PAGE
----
The Trump administration had claimed the 1918 Migratory Bird Treaty Act barred the intentional hunting of birds, not unintentional deaths caused by industrial activities.
(CN) — The Biden administration voided a Trump-era legal opinion Monday regarding migratory birds and protections that have been in place for over a century.
The Department of Interior reversed legal interpretation by its former top lawyer Daniel Jorjani in 2017 that parties could not be held responsible for the accidental deaths of birds, even in deaths related to a chemical spill, oil and gas operations, power lines or wind turbines.
The Trump administration argued the Migratory Bird Treaty Act, passed in 1918, meant to cover the intentional hunting of migratory birds and was not intended to hold industry and private actors responsible for unintentional deaths.
Critics of Jorjani’s legal interpretation said it failed to incorporate decades of legal precedent and would remove incentives for resource extraction industries to update their facilities to ward off accidental deaths.
On Monday, Interior Department spokesman Tyler Cherry said Jorjani’s legal opinion “overturned decades of bipartisan and international consensus and allowed industry to kill birds with impunity.”
Cherry pointed to a New York federal judge’s ruling that said the legal justifications for Jorjani’s opinion were insufficient. The Trump administration, however, never abandoned the legal opinion and continued to insist the law as crafted in 1918 was not intended to apply to accidental bird deaths.
Cherry said the agency will work on crafting its own interpretation of the century-old piece of legislation to replace the Trump-era opinion.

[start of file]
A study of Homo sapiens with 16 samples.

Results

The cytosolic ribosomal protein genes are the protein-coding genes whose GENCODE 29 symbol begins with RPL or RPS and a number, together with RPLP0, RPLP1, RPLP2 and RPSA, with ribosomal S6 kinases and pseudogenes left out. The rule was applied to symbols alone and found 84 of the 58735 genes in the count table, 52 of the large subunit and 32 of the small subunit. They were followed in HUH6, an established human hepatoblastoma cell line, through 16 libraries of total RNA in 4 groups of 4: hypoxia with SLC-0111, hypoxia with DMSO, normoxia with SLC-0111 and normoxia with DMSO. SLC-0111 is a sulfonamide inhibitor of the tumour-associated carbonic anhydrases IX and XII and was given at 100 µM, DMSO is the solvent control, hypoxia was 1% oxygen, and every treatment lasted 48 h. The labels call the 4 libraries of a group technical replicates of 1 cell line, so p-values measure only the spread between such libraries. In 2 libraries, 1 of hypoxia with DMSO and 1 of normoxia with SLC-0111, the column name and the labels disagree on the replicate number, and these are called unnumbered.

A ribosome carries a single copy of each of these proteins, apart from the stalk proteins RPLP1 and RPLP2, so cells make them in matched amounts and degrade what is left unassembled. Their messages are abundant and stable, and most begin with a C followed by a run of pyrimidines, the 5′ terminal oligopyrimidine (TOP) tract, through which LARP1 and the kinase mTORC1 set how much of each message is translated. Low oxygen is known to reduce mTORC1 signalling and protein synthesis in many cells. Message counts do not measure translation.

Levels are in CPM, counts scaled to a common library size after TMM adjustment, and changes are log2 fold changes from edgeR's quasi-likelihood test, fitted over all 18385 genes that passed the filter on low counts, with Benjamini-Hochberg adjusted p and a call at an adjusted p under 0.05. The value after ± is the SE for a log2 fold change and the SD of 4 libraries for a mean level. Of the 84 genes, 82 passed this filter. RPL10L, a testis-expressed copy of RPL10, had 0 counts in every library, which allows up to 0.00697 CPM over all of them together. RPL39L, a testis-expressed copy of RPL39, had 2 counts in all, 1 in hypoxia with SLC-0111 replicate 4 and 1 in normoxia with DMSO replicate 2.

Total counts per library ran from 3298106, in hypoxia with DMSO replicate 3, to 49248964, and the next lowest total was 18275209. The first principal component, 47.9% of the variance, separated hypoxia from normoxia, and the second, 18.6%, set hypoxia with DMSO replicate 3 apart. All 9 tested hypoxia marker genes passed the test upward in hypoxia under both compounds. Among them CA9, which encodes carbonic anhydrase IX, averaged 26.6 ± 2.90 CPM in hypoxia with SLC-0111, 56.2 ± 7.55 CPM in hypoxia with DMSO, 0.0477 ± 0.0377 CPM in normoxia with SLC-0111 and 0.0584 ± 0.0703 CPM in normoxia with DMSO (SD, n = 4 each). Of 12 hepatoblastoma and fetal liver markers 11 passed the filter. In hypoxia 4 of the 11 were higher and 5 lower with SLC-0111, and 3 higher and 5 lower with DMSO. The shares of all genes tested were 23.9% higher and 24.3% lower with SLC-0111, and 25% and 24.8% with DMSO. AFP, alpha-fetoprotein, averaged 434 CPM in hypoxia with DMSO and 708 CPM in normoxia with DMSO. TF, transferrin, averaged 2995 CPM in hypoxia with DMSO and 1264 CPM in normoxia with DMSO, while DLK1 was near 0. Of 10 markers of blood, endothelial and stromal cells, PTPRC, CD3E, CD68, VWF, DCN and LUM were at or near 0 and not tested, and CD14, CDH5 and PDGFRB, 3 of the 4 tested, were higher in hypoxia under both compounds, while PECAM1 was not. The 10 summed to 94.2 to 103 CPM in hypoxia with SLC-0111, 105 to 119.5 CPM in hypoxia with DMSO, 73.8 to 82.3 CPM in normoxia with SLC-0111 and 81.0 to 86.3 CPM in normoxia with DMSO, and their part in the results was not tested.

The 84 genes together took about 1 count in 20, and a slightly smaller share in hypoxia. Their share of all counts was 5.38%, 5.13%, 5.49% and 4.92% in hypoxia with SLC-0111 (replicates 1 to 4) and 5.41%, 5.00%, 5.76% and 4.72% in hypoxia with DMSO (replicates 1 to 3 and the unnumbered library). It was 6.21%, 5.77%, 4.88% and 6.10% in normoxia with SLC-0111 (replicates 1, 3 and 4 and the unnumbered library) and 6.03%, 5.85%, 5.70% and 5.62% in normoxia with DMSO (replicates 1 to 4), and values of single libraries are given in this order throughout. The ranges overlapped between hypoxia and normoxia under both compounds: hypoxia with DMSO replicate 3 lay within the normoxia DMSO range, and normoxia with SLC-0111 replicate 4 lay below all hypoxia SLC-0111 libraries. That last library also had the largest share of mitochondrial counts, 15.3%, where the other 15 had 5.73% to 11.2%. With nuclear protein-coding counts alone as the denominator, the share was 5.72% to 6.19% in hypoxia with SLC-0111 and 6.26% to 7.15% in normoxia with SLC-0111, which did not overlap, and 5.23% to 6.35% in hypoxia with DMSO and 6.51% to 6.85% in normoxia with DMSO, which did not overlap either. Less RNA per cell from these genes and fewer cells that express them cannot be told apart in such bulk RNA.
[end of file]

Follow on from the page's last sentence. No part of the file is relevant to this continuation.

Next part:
“The department will also reconsider its interpretation of the MBTA to develop common-sense standards that can protect migratory birds and provide certainty to industry,” Cherry said.
Industry lobbyists like the American Petroleum Institute (API) were initially supportive of the Trump-era bid to roll back protections for migratory birds, but did not take a confrontational approach to Monday’s news.
“We are committed to working with the Biden administration throughout their rulemaking process in support of policies that support environmental protection while providing regulatory certainty,” said Amy Emmert, a senior policy adviser with API.
Bird advocates want to see a policy that requires industry to do more to prevent the hundreds of millions of bird deaths from industrial operations, whether in oil fields or wind turbines.
“There really had been a lot of collaboration and a fair amount of consensus about what best management practices looked like for most major industries,” Sarah Greenberger, a senior vice president with the Audubon Society, told The Associated Press. “There was a lot of common ground, which is why the moves from the last administration were so unnecessary.”
One of the more notable enforcement actions under the Migratory Bird Treaty Act came in 2010, after the Gulf of Mexico oil spill killed about 100,000 birds. BP agreed to pay $100 million in a settlement.
The law protects more than 1,000 bird species including falcons and songbirds. Game species like turkeys are not protected, nor are invasive species of birds like flamingos.
Human activities, including industrial operations, kill approximately 1.4 billion birds annually, according to recent studies and the U.S. Fish and Wildlife Service. The common housecat remains the most voracious enemy to the North American bird, estimated to kill 2 billion birds a year.
Studies estimate there are about 7.2 billion birds in the United States at any given time.